Ketut Subiyanto, Pexels.
Ketut Subiyanto, Pexels.

Make Room for Moms

ROOM’s VP Workspace Design & Strategy Alejandra Albarran pens a note to the working world on behalf of working mothers.

I became a mom at a very young age. I was still in college and lived in Mexico City. So, I started my professional life early on as a mother. This made me very aware of the challenges young mothers have in a world where work comes first, and where not having a good support system is a common reality. 

Parents, but most commonly mothers, usually find themselves at a crossroads between being a “good mother” and being a “great worker”. As a society, we have very strong preconceptions of what these titles mean. The “good mother” is the one who is solely devoted to her children and her home; she prioritizes her role as a mother above everything else. She is always present and always available to care for her children. She will never be late to pick up her kids from school, she will attend every recital, accompany her kids to every party and every after school activity, she will help with homework, cook healthy and nutritious meals, and most importantly be present, patient and understanding. On the other hand, the “ideal worker” will never skip a beat, she is always available, rarely takes time away from work, she answers any email or request instantly, she is in every meeting and almost always in person, and works late hours including weekends. 

The reality is that most women who are also moms are torn between these two ideals trying to juggle both at the same time and giving their absolute best effort. Working mothers sacrifice many things including self care just to be able to fulfill these roles, if only half of the way. Honestly, it is impossible to measure ourselves to these standards that are ideologically incompatible. It doesn’t matter how much effort we put in and how much we try, we always feel guilty for not accomplishing these unattainable goals. 

Alejandra with her four children.

As a workspace strategist, designer, and a mom, I am constantly striving to find ways to support mothers at work. I believe there are simple ways for companies to make mothers feel represented and understood. 

The first one would be to offer more flexibility. Post-COVID most workers want more flexibility in their schedule and the ability to work remotely. Allowing this flexibility is especially important for mothers who now have the opportunity to manage their schedules in relation to their children’s schedules and their needs at home. Working from home a few days a week can give mothers the capacity to be more present in their children’s lives and more involved in their everyday activities, alleviating the sense of guilt we feel when we haven’t seen our children for a full work week. Company leaders should make mothers feel supported when they request flexibility. Coworkers will play a role too by making their colleagues feel understood and leaving behind judgemental preconceptions.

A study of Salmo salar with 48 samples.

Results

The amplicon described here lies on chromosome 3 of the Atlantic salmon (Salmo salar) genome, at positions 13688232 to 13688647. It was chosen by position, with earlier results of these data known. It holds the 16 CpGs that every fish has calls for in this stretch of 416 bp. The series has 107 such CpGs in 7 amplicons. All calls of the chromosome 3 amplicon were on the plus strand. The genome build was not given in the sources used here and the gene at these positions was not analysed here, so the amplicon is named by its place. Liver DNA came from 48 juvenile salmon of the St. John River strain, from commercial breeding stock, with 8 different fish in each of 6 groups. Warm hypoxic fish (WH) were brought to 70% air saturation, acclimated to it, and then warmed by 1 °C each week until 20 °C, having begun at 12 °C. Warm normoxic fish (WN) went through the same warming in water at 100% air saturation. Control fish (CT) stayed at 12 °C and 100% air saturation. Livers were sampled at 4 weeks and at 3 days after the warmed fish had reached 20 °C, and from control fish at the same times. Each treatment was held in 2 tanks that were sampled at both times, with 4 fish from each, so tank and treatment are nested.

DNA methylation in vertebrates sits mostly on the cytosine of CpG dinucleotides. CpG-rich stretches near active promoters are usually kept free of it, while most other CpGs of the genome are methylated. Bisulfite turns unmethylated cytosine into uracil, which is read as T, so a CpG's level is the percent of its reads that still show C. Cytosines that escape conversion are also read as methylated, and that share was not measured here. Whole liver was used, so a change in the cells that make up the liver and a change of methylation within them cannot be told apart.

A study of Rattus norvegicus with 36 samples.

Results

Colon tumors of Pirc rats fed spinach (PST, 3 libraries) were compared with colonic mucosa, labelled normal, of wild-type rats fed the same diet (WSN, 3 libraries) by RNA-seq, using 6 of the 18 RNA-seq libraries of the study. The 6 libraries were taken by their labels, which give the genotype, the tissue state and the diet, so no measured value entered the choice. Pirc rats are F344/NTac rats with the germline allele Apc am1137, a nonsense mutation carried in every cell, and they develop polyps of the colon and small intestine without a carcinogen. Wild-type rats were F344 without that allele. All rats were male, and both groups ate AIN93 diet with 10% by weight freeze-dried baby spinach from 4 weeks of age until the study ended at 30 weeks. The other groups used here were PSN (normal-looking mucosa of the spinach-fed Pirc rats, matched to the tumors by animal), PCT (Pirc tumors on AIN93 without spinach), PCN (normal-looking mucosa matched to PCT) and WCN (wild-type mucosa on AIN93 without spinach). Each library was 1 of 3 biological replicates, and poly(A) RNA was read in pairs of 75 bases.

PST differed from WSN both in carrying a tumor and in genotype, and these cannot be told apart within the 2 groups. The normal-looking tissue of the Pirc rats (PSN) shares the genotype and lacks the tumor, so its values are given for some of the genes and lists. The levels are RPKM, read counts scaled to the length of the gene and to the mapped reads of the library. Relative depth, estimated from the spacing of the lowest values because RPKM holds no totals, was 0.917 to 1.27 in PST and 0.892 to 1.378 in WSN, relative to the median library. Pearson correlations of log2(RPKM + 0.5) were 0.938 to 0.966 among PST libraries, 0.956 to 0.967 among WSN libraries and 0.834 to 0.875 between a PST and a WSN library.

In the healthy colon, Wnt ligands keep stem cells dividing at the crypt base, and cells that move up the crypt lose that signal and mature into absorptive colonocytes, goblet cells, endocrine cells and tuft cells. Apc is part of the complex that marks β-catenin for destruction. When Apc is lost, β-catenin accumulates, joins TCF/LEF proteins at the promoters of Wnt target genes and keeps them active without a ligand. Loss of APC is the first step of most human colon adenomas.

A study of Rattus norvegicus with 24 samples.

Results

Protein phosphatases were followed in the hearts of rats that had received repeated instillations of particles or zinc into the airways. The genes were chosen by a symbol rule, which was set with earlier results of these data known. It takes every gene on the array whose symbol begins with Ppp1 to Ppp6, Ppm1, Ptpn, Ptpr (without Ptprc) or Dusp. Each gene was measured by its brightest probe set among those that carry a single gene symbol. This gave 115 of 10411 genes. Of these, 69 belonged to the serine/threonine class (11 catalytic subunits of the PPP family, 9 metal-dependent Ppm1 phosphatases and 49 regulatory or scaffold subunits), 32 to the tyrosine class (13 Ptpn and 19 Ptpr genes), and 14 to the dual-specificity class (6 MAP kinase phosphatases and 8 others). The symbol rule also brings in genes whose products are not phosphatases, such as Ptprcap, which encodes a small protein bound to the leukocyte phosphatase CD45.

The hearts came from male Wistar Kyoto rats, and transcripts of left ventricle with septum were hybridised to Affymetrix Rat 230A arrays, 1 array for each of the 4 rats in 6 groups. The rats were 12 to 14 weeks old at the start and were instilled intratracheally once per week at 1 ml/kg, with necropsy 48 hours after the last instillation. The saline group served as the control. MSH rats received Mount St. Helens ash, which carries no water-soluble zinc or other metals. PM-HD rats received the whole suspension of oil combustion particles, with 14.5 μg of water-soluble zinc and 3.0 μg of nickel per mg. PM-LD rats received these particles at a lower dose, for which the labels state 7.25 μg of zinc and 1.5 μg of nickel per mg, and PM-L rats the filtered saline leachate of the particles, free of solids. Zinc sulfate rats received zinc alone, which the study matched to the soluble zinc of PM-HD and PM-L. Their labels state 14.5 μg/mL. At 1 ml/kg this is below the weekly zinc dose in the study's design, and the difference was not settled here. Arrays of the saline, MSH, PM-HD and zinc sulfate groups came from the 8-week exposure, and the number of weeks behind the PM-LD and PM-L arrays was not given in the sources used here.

Our workspaces can also support mothers while at work because motherhood doesn’t end when we step foot inside the office. Providing a thoughtful, dedicated, well-designed mother’s room, instead of a poorly adapted room for lactating mothers shows how supportive a company is. Normalizing being a mom at work is important. A workspace with mothers in mind will have soundproof spaces for private video calls with their children, doctors or teachers. Mothers should feel allowed to take personal calls in the middle of the day to check-in with their kids or answer the phone in case of an emergency. 

Another great way to support mothers and parenting is to offer parental leave for both parents. In Europe, women receive on average 20 weeks of paid maternity leave, and in Canada up to 61 weeks. In the US the average is 12 weeks. Increasing paid maternity leave would give mothers more time to get used to their new reality and go back to work when they are ready, instead of rushing back. Increasing the length of paid paternity leave would also help unburden moms who could split the time with their partners. 

There is a cultural element we need to consider as well, and that is the stigma we have placed as a society on parental leave. The reality is that most dads will not take their parental leave for fear of losing status or being seen as weak at their workplace. We need to start normalizing parental leave and removing the negative connotations attached to it. Company leaders should not just offer parental leave but encourage both parents to take the time-off without hesitation. 

Another great way businesses can support parents is by offering childcare support of some kind. Most parents can’t afford daycare, or it will cost them a big part of their monthly income. As an example, Columbia University offers a program for affordable childcare for all their faculty members and staff at a fraction of the cost of any other privately run child care institutions. Or even better, work with local governments to ensure free childcare for this age group as part of the public school system, allowing mothers to work and support the economy.

LA-based BumoWork champions child care in workspaces.

“It takes a village to raise a child”. This is true in today’s world too. We are all responsible for protecting the very important roles we all play. Mothers are the first educators and the primary agents for empowering individuals that can transform a society. It will take a lot of work to get to a point where motherhood is a normal part of work life, where the balance between the two doesn’t come at such a high cost for moms. Working mothers need and deserve more flexibility, better benefits and stronger support networks that include their peers and leaders.